14 July 2017
WindEurope welcomes the Slovenian Wind Energy Association
WindEurope welcomes the newly founded Slovenian Wind Energy Association, Giz Vetrne Energije to its membership.
To honour the occasion, WindEurope – together with MEP Franc Bogovič and the Slovenian Wind Energy Association – organised a breakfast in the European Parliament on 12 July 2017.
Representatives of the European Parliament, the European Commission, the Slovenian Permanent Representation and industry stakeholders all gathered to discuss the current energy mix and the potential of wind energy deployment in the country.
Slovenia currently has only 3.2 MW of onshore wind energy installed, with its first wind turbine being commissioned in 2012. Today, there is no official commitment as yet from the government to deploy wind energy post-2020.
Slovenia has a great resource potential to install more wind turbines and render its energy mix much greener. This would send positive signals to the industry and attract investments while contributing to the 2030 de-carbonisation objectives. However, the lack of a clear legislative framework for spatial planning and frequent changes in land-use legislation is not helping new investments. The uncertainty over future volumes raises the costs of capital, which goes against the European trend of significant cost reductions in onshore wind.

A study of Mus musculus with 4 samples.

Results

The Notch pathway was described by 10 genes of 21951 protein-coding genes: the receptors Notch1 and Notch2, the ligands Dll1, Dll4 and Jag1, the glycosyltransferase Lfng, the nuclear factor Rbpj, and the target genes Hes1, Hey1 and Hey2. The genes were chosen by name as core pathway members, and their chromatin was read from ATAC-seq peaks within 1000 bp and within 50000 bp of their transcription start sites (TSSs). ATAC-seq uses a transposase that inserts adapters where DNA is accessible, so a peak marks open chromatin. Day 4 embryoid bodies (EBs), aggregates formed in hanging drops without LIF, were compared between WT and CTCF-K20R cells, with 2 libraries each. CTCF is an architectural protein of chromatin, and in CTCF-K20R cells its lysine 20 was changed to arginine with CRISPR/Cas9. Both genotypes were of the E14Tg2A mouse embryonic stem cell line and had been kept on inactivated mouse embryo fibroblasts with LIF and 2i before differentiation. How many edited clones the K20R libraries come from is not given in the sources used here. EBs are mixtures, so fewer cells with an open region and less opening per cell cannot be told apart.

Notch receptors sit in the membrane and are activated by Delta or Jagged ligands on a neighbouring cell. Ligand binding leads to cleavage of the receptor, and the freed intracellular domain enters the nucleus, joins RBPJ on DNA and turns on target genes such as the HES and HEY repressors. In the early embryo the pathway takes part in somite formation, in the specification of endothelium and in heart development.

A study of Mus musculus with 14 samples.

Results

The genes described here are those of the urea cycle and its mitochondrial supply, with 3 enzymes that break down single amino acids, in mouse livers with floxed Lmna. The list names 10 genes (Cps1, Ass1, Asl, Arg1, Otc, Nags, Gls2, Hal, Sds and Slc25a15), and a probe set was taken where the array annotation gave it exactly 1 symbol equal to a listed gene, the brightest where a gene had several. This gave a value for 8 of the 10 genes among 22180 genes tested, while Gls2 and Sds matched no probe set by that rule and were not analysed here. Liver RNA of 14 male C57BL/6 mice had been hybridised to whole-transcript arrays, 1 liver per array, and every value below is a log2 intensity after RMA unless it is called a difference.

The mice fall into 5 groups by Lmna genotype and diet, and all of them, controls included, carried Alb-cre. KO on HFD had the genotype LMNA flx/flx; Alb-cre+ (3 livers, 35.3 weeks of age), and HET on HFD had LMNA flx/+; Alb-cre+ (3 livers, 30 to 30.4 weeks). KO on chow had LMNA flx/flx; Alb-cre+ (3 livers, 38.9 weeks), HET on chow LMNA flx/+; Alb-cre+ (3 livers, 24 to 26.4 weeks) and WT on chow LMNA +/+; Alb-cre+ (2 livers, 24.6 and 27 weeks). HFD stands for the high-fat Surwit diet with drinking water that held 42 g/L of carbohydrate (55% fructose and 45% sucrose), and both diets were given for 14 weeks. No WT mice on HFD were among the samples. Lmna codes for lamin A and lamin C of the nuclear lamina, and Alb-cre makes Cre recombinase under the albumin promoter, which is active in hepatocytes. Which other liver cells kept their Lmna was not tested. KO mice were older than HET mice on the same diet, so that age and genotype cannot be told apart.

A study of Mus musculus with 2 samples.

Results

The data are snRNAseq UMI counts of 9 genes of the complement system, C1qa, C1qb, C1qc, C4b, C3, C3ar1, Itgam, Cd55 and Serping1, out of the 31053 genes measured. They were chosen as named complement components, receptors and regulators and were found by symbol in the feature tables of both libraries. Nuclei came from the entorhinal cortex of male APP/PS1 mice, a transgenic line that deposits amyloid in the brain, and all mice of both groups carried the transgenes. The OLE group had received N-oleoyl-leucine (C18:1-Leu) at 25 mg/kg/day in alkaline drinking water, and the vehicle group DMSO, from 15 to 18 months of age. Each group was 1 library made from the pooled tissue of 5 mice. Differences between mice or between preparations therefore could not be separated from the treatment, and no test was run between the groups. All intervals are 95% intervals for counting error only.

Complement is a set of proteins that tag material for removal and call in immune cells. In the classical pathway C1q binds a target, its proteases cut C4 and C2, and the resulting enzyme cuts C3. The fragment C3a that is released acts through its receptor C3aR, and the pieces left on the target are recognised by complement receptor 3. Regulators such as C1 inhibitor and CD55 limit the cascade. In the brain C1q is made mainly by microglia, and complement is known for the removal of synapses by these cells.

MEP Bogovič highlighted that, ”Slovenia needs to speed up its efforts for the increase of the renewable energy share in its energy mix”, reminding participants that all Member States need to submit their national energy plans by the end of this year . He added: “Wind energy can play an important role in achieving these efforts, but strategic and administrative measures for stable investment support in wind energy need to be taken”.
In this respect, the EU as a whole needs to set a high level of ambition. “The 27% target of renewables in the European energy mix proposed by the European Commission is surely not enough,” stressed Giles Dickson, CEO of WindEurope. The European Union should commit itself to a minimum of 35%.
Mojca Grobelnik, Director of Giz Vetrne Energije, commented: “We believe that with our National Association we can change the perception of the wind industry in Slovenia. In addition, we think that with our actions we can influence national energy policy and become a country that is contributing to the goals we have set up in the European and global context.”